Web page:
Assessment of UV-C Radiation as an Integrative Pest Management Tool for the Management of Grape Powdery Mildew and Botrytis Bunch Rot

Project Overview

Project Type: Graduate Student
Funds awarded in 2021: $30,000.00
Projected End Date: 12/31/2023
Host Institution Award ID: G224-22-W8615
Grant Recipient: Oregon State University
Region: Western
State: Oregon
Graduate Student:
Principal Investigator:

Information Products


  • Fruits: grapes


  • Education and Training: demonstration
  • Pest Management: chemical control, integrated pest management

    Proposal abstract:

    Management of grape powdery mildew requires great financial, environmental, public health costs due to a heavy reliance on fungicides e.g., 89% of the fungicide active ingredient used in grape production. New integrative pest management tools are needed to reduce the amount of fungicides applied to reduce environmental effects and mitigate the emergence and spread of fungicide resistance. Ultraviolet radiation C (UV-C) radiation may provide a new integrative management tool for the improved control of powdery mildew in grapes that addresses these goals. The proposed research will examine how UV-C radiation can be used as a replacement for, or to reduce or augment fungicide applications for grape powdery mildew and bunch rot management. We will also examine the use of autonomous robotic systems for the delivery of the UV-C irradiation treatments at a commercial scale. With commodity crops such as grapes, quality is a critical factor of the farm gate value, therefore the effects of UV-C applications on fruit chemistry will be determined by examining basic fruit chemistry and polyphenolic profiles. Finally, live demonstrations of the UV-C treatments arrays will be made in commercial vineyards receiving UV-C applications, results from both small plot and field scale management results will be made at various grower meetings in Oregon, Washington, and California, and plans for the construction of manual UV-C application unit will be made available to encourage the interest and adoption of the technology.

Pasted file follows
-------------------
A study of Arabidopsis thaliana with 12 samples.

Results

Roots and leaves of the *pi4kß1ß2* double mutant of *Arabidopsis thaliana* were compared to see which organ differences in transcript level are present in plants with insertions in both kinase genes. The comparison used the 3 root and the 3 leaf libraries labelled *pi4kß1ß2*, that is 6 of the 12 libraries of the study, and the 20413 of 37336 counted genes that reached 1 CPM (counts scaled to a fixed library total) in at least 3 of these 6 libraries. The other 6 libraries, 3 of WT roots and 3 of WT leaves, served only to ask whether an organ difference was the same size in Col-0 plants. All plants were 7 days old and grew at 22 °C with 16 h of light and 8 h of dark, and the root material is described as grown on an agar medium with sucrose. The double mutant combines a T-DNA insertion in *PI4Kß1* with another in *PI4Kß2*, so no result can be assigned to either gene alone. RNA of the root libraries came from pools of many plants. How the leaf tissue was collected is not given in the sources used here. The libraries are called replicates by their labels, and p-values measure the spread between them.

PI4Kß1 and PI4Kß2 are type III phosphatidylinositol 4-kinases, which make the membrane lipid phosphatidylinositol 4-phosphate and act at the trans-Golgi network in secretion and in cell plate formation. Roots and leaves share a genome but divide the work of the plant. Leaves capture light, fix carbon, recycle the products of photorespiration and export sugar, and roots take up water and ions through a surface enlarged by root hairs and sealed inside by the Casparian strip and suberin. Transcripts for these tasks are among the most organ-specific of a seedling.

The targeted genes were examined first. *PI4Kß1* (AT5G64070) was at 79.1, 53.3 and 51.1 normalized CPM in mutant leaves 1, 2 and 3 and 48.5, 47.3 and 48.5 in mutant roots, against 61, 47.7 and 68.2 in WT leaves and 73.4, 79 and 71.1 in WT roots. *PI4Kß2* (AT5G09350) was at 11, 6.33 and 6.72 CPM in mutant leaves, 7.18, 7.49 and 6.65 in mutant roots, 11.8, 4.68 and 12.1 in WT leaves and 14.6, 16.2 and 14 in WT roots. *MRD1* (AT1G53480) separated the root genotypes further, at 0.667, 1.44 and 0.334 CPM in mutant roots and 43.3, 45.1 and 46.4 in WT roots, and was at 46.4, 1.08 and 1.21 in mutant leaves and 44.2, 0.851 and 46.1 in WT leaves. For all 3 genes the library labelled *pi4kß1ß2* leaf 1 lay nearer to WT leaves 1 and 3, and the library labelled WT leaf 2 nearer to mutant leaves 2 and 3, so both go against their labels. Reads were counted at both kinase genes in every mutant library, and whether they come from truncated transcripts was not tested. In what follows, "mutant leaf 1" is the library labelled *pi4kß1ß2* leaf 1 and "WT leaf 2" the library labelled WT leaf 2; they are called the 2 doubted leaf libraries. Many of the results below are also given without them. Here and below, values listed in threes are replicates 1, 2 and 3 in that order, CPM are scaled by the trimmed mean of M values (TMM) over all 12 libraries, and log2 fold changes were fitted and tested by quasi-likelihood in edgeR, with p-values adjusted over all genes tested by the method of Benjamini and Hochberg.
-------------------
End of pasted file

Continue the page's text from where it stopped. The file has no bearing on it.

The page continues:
Project objectives from proposal:

    1. Identify the UV-C radiation dose and timing required to effectively manage grape powdery mildew and Botrytis bunch rot.
    2. Determine the suitability of UV-C radiation applications, under field conditions, for the management of powdery mildew and Botrytis bunch rot disease and its impact on fungicide resistant pathogen populations.
    3. Examine the suitability of an autonomous robotic platform to deliver UV-C applications at a commercial scale.
    4. Determine the impact of UV-C application on fruit chemistry
    5. Education and demonstration of the tractor mounted and robotic UV-C arrays directly to producers
    Any opinions, findings, conclusions, or recommendations expressed in this publication are those of the author(s) and do not necessarily reflect the view of the U.S. Department of Agriculture or SARE.